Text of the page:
Sean Kirst

Irv Weinstein has died.

If you're of a certain age in Western New York, the chances are you're feeling it.

Yet how do you explain to your kids what this means?

They have grown up in the age of Spectrum, of on-demand and YouTube. Television alone offers hundreds of options, and the internet is a galaxy unto itself. If our kids or their kids want news, they can turn to their phones almost in the instant that it happens. The latest information is delivered by countless faces, in countless ways, with countless different styles.

So how do you explain Irv Weinstein in a time like this?

It takes a landing on what feels now like a different planet.

Yet many of us remember a world — let me set my own clock for this one at 46 or 47 years ago — when someone else pumped your gas and your parents still used paper and pencil, not calculators, to figure out the bills.

This was a world where there was only one phone in the house, often hanging on the kitchen wall — and if you wanted to have a private conversation with a friend, you pretty much did it with your mother ironing clothes, about five feet away.

This was a world in which you learned about snow days, up or down, only through long restless waits alongside the radio.

This was a world that usually meant just one television in the house, often black and white, often in the corner of the living room, and that television was dominated by three networks.

Appreciation: Irv Weinstein's grace while battling ALS is a lasting memory

In Buffalo, you had Channel 2, Channel 4 and Channel 7, and every kid knew every new show that came out on each of them each year. Certain things, certain images, always stay with you from each of those stations, and different nights commanded your attention on different channels.

Yet Friday nights, at least in my childhood, belonged to ABC and Channel 7.

Your old man got paid on Thursdays and your mother often did what your family called "the big shopping" on Friday evening, rolling into the house after an hour or two with the week's groceries and maybe a few treats, maybe a cardboard box of Tops potato chips, and maybe, just maybe, a half-gallon of ice cream.

So you sprawled out, eating that stuff in the living room, and you watched "The Brady Bunch" and "The Partridge Family" and "Room 222" and "The Odd Couple" and then "Love, American Style," and since this was a Friday and you were already tuned to Channel 7, you stayed up late and watched the news with your parents, cigarette smoke rolling in clouds around the living room, the old man off the next day after a week at the plant.

On would come Irv Weinstein. Today, the media is a jumbled legion of personalities. At that time, it is difficult to describe just how different everything felt about Channel 7 and Irv and his Eyewitness News. The other stations had standard, cheerful sets and news people with the tone and demeanor you'd expect, everything set to match a certain American timbre of the time.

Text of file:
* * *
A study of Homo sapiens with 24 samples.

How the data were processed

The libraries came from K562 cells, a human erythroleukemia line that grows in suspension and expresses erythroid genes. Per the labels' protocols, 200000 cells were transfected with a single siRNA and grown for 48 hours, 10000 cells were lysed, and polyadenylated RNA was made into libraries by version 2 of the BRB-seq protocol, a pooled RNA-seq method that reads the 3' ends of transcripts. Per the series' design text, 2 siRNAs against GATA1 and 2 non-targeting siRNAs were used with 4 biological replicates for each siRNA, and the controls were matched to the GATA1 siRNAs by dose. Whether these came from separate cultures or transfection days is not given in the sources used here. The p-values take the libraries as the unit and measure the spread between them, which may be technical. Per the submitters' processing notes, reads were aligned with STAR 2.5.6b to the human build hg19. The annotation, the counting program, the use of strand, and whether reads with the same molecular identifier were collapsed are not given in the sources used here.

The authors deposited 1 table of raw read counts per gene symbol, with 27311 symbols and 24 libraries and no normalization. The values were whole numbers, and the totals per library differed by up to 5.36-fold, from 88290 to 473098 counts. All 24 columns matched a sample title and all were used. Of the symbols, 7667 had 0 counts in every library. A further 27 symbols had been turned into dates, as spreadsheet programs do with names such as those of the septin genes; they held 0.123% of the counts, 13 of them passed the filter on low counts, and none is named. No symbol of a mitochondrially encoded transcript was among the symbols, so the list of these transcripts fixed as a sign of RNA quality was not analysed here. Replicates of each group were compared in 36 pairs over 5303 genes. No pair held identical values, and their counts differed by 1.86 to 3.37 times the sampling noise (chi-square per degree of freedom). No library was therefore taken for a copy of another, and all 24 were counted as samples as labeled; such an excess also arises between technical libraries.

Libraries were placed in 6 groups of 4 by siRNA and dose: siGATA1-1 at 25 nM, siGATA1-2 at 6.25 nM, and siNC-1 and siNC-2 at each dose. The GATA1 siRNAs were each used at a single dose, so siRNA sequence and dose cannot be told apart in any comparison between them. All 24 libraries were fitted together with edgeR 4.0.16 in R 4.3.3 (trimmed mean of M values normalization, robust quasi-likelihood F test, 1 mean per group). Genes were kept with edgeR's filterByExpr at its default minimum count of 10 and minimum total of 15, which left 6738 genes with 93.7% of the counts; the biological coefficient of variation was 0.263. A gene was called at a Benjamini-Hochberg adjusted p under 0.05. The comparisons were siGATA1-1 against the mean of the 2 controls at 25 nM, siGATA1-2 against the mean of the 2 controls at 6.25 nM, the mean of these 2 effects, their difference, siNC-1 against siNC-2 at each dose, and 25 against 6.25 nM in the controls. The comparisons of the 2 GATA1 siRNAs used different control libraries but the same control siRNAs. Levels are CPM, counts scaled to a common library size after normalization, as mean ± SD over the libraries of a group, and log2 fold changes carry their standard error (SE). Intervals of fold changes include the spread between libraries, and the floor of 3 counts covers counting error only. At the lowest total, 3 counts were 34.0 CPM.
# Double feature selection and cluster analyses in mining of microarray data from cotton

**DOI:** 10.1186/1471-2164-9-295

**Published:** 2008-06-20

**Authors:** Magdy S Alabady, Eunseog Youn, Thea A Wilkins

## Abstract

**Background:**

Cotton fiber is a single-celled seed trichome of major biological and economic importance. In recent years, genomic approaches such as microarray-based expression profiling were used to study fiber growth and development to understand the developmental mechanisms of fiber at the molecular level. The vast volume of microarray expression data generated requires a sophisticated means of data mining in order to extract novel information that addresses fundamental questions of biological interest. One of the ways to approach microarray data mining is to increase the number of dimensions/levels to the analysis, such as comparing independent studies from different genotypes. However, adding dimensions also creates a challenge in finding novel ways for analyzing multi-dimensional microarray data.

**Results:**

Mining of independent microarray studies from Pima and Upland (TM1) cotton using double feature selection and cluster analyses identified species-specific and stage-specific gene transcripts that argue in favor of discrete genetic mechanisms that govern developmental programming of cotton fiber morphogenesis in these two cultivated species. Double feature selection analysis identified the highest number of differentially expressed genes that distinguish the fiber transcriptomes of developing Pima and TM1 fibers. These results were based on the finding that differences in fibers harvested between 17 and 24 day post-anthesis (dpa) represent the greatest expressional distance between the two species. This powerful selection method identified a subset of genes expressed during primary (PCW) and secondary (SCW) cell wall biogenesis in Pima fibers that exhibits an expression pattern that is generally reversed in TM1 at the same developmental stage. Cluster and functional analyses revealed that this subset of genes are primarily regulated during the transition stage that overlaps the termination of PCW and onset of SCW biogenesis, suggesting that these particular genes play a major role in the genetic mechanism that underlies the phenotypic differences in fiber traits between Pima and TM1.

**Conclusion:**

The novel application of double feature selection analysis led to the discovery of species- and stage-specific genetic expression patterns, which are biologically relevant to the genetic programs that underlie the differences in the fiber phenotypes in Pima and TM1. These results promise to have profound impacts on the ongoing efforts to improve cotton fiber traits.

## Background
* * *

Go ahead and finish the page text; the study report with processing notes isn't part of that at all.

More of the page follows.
The whole atmosphere of Eyewitness News was different. It was edgier, more incendiary, gently outlaw. Weinstein was all wonderful tough guy attitude, each hard consonant in his speech like a jab, even his body language akin to the way a boxer moves across the ring, shoulders pushing forward, talking about crime and fires and weather with that faint sense of grim that's-the-kind-of-world-we-live-in camaraderie rippling through his voice, the big glasses and the flicker of a smile that somehow told you he was letting you in on the only-we-really-understand-the-beating-heart-of-this-city secret.

One of many YouTube tributes to Irv Weinstein.

He stuck around Buffalo for a long time, until everyone began to fully appreciate just how extraordinary he was, why he mattered so much, an awareness that now rises as both a wistful farewell and a tribute upon his passing.

In an era when so much was homogenized, a time when Buffalo was plummeting because jobs were leaving and panicky civic leaders kept making reflexive decisions about demolition and parking lots and highways and downtown malls in an upside-down attempt to make Buffalo more like cities that were supposedly succeeding, the reality is there was always one true hope, a lesson learned recently only after decades of pain.

The best chance for Buffalo was and is to remain Buffalo, earthy and gritty and tough, a community with a most distinctive flavor.

Weinstein was already there, absolutely who he was. He was as true to himself as the Rockpile, as a glazed doughnut from Freddies, as the industrial torches you saw burning near the smokestacks every night. It is why he brought mesmerized fans to the television even in southern Ontario, because he was beautifully abrupt in style, chopping a path across the airwaves when the rest of the world wanted polyester voices to match polyester suits.

He was a distinct creation of Buffalo, the edgy voice of the station that demanded to know if you knew where your children were, the line repeated cheerfully by all the teenagers busy trying to duck their parents, across the region. Full gratitude for what Weinstein was, for who he was, began to climb later in his career, gratitude that grew into absolute love in his long retirement, as he so gracefully confronted a terrible illness, and yes:

It might be hard for our kids today to fully understand why we so powerfully mourn the passing of this solitary news guy.

Maybe it's simple. Maybe it's because the hardest thing to learn is that sometimes when the world goes one way, you have to go the other, and if you don't, you'll live as part of the crowd and meet eternity that way …

And that's exactly how you'll be remembered.

Not this city, and not this guy who was its voice.

Sean Kirst is a columnist with The Buffalo News. Email him at or read more of his work in this archive.